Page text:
The State has to act to prevent young people moving from care into homelessness
EPIC- Empowering People in Care today launch their 2018 Advocacy Report which saw 653 children and young people with care experience accessing the National Advocacy Service. This is an increase of 11% from the previous year and demonstrates the continuing increase in demand for advocacy services, despite the fact that children and young adults in the care system are not routinely made aware of the service. Our 2018 report again highlights the importance of independent advocacy in our child protection and welfare system to ensure that the voice of every child and young adult is heard, in decisions which affect their lives.
The main presenting issues facing children and young adults in the 2018 report have not changed since EPIC began collating this information six years ago; with care placement, accommodation, aftercare, family contact and parental rights all continuing to top the list.
Speaking about the report, EPIC’s CEO, Terry Dignan said:
“EPIC remains the only national service providing independent advocacy to children and young adults in the care system. While recognition of the importance of independent advocacy is growing, we are still some way behind the UK where advocacy was given a statutory basis, through the National Health Service Act, in 2006. The current review of the Child Care Act 1991 presents an opportunity to recognise advocacy in legislation in Ireland. As we continue to try to come to terms with the tragic consequences of a past where the voices of children and young adults in care were not heard we must not return to the errors of the past.”
This report highlights the importance of independent advocacy as an integral part of child protection and welfare. The ever-increasing demand for EPICs services demonstrates not simply the need but the demand from children and young adults to be heard, to be involved in and responded to, in relation to decisions being made about them.
Homelessness is a key concern nationally and young people leaving care are now one of the most vulnerable groups affected by the crisis. Approximately 450 young people leave care each year. Leaving care without stable accommodation adds significantly to the stress and anxiety that every young person experiences as they prepare to leave care. EPIC is calling for even greater cooperation between Tusla, the Department of Children and Youth Affairs and the Department of Housing to deliver solutions to prevent care leavers from having to access homeless services when they leave care. As one of our most vulnerable populations they must be prioritised for housing.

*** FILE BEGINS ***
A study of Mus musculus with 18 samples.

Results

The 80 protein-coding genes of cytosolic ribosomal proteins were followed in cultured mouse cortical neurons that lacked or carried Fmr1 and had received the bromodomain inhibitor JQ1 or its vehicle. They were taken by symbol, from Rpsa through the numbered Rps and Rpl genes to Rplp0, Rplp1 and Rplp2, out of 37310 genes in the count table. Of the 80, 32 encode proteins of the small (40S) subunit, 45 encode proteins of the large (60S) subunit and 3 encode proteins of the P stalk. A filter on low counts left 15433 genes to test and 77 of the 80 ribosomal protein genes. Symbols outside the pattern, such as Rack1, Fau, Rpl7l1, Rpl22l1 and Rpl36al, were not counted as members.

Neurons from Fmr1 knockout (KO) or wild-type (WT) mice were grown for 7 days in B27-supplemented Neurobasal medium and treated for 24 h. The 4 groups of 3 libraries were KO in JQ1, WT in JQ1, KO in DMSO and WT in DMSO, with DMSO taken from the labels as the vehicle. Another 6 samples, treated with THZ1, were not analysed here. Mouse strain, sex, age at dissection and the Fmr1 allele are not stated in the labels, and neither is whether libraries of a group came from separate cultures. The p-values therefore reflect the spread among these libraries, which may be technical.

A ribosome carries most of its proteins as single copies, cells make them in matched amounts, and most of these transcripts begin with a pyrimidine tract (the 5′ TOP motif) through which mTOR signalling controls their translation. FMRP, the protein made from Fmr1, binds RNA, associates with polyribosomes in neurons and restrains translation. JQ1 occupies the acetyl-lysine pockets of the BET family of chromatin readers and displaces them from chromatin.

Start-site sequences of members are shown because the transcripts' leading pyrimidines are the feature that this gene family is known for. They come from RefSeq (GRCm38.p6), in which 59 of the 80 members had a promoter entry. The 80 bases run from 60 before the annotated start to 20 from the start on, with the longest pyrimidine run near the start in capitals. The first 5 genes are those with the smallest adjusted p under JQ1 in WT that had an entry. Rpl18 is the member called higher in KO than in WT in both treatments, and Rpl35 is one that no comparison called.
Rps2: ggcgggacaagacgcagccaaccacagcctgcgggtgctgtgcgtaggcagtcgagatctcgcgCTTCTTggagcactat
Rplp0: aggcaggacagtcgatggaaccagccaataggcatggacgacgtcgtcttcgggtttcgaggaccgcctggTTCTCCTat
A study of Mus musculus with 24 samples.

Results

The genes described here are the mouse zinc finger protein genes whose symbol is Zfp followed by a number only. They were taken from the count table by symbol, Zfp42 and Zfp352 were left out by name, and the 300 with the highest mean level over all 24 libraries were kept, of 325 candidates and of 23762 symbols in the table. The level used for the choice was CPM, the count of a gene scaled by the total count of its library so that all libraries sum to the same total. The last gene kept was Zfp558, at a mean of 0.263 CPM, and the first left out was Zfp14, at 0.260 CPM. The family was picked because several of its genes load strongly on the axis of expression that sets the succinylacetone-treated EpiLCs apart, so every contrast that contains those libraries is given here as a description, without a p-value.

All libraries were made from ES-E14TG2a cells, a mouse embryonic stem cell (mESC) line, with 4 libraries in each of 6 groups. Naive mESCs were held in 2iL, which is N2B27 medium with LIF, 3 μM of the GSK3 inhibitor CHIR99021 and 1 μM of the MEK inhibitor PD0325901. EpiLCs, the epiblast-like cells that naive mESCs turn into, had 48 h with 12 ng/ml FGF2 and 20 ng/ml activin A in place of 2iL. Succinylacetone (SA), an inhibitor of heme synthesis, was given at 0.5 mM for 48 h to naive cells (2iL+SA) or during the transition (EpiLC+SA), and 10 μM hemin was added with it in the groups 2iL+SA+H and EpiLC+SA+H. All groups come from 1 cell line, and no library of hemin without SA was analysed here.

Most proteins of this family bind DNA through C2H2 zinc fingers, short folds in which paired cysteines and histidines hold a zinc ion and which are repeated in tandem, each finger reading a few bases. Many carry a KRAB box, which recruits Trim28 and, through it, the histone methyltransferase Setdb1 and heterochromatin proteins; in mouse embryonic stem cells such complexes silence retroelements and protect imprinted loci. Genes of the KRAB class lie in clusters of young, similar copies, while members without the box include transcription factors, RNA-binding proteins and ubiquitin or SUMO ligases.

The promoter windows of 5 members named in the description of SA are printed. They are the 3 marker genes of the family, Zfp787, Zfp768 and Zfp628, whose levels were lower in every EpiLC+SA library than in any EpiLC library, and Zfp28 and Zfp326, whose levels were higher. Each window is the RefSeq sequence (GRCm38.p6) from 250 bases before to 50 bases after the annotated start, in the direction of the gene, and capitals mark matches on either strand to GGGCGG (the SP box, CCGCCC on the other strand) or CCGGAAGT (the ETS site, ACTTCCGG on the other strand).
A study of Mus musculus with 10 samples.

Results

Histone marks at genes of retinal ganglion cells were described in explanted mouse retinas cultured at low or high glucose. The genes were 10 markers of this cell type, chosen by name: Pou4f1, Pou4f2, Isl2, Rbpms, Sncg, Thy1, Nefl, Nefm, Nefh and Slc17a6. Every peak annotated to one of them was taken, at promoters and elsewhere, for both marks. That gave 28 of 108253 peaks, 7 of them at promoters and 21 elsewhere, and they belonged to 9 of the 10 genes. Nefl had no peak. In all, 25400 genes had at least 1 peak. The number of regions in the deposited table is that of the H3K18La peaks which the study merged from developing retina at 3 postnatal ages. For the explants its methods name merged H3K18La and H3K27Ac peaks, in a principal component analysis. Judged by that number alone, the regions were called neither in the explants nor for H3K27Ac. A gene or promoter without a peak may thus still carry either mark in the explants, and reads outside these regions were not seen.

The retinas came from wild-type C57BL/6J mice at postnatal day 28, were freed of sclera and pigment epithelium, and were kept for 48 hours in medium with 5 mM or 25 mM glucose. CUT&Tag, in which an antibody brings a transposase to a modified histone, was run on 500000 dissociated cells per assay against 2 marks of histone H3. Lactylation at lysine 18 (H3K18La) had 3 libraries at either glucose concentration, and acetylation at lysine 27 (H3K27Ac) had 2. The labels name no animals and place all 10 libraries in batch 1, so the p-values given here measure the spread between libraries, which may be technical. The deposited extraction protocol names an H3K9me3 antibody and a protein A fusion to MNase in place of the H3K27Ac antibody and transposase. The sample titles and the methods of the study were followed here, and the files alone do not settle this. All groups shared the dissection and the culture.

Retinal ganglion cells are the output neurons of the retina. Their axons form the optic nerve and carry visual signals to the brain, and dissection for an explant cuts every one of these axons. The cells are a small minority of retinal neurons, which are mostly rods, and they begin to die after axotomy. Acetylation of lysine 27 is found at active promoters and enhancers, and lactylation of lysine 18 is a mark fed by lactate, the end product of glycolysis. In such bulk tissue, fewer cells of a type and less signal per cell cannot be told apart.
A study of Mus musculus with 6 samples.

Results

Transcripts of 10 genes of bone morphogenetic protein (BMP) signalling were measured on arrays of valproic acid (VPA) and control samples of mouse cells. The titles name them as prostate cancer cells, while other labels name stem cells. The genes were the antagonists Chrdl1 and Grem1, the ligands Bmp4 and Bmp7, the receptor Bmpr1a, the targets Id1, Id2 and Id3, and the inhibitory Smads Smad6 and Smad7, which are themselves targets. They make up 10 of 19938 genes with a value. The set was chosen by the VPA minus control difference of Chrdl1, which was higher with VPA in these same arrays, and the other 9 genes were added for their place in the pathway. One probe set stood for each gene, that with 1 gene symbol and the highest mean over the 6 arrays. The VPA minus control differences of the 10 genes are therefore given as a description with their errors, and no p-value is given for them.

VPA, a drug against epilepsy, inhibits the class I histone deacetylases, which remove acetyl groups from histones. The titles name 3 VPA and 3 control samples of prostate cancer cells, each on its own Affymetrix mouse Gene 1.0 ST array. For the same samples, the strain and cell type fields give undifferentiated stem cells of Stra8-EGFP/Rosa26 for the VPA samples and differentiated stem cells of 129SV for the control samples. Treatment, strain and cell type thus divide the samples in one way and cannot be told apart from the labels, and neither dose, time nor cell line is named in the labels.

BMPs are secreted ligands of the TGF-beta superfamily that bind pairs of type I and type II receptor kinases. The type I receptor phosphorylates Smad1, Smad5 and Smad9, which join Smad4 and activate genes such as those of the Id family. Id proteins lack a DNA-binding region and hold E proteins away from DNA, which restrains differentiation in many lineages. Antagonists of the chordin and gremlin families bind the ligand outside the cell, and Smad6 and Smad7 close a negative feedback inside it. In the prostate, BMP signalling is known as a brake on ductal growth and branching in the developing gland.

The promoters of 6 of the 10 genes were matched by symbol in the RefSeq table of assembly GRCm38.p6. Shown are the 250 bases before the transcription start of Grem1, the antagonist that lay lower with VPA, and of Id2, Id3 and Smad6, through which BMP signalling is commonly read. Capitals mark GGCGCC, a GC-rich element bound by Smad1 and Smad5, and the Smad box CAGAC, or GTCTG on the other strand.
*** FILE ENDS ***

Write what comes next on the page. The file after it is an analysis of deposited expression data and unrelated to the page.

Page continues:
While Mr Dignan welcomes the improvements in Tusla’s National Aftercare Service, he is calling on Tusla and the Department of Children and Youth Affairs to:
“Significantly increase the amount of funding available to National Aftercare Services to increase Aftercare supported accommodation, and to increase the number of Aftercare Workers nationally, so that all care leavers are better and consistently supported in their transition from care to independent living.”
Contact: Terry Dignan, CEO (01 8727661 or 087 2370269)
Notes to Editor:
EPIC’s Advocacy Report launch takes place in
23-27 Molesworth St,
Thursday, November 21st at 9am
The following are available for interview:
• Mr Terry Dignan. Chief Executive, EPIC
Twitter: You can follow the launch at the following hashtag #EPICREPORT19
EPIC Advocacy Report 2018: Available at https://www.epiconline.ie/epic-advocacy-report-2018/
Young People in Care in Ireland, https://www.tusla.ie/data-figures/
EPIC is a national voluntary organisation that works with and for children and young people who are currently living in care or who have experience of living in care. This includes those in residential care, foster care, relative care, hostel, high support and special care. EPIC also works with young people preparing to leave care and those in aftercare. EPIC’s National Advocacy Service core priority is to ensure young people in care and those with experience are listened to and are heard on issues affecting their lives. It is a national service with offices in Dublin, Cork, Limerick and Galway.